Noted Climate Scientist Confirms That Climate Change is Real

The headline reads like a spoof from the Onion. Anyone who reads the newspaper or follows the many reports from the leading scientific organizations, like the National Academy of Sciences and the Royal Society, already knows that global warming is real, and a real cause for concern. But don’t take it from me. Take it from a scientist, Richard Alley, Ph.D., of Penn State University, who explained the scientific consensus on climate change at a Philadelphia Bar Association Chancellor’s Forum to a capacity crowd at bar headquarters on November 6. Richard is a glaciologist who is widely credited with showing that the earth has experienced abrupt climate change in the past—and likely will again, based on his study of ice cores from Greenland and West Antarctica.

Richard is also a member of the National Academy of Sciences and the Royal Society, and has worked with both organizations on published reports explaining the consensus on climate change. He served as one of the authors on the United Nations Intergovernmental Panel on Climate Change, whose members shared the 2007 Nobel Peace Prize. He has many other accomplishments in the area of climate science.

Richard began his presentation with the “skinny version of the program,” which is that “we enjoy the good that we get from energy use, which is now primarily from fossil fuels. We must change or suffer really really serious consequences and the sooner we start changing the better off we will be economically and in other ways. So you can now enjoy your dinner.”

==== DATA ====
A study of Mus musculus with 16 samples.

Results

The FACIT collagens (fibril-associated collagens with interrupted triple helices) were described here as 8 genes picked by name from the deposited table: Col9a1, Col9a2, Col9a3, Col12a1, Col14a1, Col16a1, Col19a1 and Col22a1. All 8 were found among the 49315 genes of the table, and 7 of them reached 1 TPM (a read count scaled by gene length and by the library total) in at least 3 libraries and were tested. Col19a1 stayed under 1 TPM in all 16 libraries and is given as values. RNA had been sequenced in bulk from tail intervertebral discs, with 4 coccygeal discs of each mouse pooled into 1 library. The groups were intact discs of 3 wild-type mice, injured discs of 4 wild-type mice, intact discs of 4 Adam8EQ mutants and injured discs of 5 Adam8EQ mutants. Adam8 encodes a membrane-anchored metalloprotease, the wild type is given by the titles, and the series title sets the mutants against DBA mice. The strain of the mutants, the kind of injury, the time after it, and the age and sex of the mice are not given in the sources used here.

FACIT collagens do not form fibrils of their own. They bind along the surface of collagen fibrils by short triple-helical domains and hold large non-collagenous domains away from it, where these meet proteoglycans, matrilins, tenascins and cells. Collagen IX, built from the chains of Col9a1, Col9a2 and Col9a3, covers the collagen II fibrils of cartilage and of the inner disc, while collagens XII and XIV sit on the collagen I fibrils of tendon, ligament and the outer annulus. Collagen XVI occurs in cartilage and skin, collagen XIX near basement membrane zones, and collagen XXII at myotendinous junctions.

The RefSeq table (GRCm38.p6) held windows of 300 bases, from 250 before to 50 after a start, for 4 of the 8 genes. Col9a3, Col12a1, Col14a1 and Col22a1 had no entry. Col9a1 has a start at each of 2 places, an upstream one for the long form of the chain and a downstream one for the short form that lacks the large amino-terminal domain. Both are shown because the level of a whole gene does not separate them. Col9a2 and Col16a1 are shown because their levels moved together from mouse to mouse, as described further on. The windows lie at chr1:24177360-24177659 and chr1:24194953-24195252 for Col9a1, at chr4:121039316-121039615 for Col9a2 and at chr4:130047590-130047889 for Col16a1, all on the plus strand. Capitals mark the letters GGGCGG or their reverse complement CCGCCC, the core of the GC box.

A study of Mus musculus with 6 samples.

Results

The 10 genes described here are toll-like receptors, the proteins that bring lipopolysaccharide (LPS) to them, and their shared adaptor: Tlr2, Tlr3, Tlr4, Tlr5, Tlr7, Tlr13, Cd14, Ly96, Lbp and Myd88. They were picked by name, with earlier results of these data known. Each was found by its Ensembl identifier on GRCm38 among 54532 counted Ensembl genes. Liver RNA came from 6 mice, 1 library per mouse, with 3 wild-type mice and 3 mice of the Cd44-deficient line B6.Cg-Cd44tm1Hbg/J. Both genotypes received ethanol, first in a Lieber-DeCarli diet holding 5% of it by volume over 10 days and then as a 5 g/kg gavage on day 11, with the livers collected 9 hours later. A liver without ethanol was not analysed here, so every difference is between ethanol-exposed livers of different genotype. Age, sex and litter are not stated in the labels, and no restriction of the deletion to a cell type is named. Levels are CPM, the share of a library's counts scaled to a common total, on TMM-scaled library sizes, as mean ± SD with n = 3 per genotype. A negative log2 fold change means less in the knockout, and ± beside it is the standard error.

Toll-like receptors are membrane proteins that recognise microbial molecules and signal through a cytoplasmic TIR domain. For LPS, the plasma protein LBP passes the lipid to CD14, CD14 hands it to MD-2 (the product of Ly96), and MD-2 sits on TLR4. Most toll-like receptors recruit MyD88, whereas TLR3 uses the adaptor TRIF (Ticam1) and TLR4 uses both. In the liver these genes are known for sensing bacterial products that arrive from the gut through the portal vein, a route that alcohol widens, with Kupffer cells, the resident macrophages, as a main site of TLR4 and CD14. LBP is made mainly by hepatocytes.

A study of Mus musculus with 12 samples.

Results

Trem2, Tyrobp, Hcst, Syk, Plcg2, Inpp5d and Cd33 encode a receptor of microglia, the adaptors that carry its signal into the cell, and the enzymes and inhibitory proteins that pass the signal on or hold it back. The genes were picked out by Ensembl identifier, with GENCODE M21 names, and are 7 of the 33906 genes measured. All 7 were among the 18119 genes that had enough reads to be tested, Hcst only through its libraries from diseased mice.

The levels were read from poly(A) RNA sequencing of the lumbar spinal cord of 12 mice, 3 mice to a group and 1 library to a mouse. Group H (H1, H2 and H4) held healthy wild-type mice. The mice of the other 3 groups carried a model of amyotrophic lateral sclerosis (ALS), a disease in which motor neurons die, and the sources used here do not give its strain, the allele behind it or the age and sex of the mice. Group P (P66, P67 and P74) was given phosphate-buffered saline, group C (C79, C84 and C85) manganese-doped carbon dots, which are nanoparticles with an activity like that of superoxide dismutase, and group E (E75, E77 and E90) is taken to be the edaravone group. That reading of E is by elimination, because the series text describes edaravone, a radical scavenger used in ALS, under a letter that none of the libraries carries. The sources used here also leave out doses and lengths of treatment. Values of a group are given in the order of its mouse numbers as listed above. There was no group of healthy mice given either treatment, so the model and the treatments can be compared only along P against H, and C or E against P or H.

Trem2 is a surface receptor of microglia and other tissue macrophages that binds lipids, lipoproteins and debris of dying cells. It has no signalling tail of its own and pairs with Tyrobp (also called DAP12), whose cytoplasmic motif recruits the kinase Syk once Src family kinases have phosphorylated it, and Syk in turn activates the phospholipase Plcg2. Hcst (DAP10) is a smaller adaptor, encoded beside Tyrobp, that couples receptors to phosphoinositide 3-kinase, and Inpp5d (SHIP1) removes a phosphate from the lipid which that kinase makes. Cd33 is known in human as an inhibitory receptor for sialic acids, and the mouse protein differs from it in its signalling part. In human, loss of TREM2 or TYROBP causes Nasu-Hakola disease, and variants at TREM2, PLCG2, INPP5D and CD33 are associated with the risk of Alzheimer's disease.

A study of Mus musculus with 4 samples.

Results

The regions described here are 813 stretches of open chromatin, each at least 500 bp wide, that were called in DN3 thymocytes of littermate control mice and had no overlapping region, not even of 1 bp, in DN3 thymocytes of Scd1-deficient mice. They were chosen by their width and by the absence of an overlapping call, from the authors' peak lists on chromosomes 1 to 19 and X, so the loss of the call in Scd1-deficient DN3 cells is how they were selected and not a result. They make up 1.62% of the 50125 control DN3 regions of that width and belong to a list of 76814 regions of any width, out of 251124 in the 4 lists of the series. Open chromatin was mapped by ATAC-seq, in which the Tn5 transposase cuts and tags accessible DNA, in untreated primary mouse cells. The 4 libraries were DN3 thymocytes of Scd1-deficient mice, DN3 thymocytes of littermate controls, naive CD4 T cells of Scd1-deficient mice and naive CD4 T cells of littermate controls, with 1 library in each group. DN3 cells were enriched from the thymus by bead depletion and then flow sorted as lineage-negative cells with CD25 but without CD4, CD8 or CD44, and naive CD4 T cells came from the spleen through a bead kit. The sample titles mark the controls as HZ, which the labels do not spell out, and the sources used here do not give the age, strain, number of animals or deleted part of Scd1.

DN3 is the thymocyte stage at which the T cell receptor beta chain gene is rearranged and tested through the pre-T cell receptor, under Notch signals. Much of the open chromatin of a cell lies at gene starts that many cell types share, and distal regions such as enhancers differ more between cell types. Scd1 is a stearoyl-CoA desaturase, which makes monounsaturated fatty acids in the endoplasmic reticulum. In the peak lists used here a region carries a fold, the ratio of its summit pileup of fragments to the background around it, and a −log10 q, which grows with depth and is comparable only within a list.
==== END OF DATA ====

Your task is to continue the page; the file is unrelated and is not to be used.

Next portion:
The problem is the huge volume of CO2 we are now emitting into the atmosphere, many of us without realizing it, because CO2 is invisible. To illustrate the point, Richard asked the audience to compare the weight of household trash per person per year in America, which is less than 1,000 pounds, to the weight of CO2 put into the atmosphere per person per year in America, which is about 40,000 pounds. “This cannot continue,” he explained. “We are burning fossil fuels roughly a million times faster than nature saved them for us.”

CO2 blocks cooling, something science has known for a long time, and more CO2 will block more cooling of the Earth as it emits energy from the Sun’s rays. This is why, when asked if he “believes in global warming,” Richard responds: “We don’t believe it. It’s physics. And it’s physics like if I drop this pencil it will fall down. There isn’t another side of that.”

Anyone who could not make the program, but wants to learn more, should listen to this podcast of this Chancellor’s Forum. Among other things, Dr. Alley discussed the devastating consequences if we do not reduce CO2 emissions substantially and very soon.

It’s hard to overstate the seriousness of the issues if we can believe Richard Alley and the reports from the science community. Do we believe them? Listen to Dr. Alley and judge for yourself.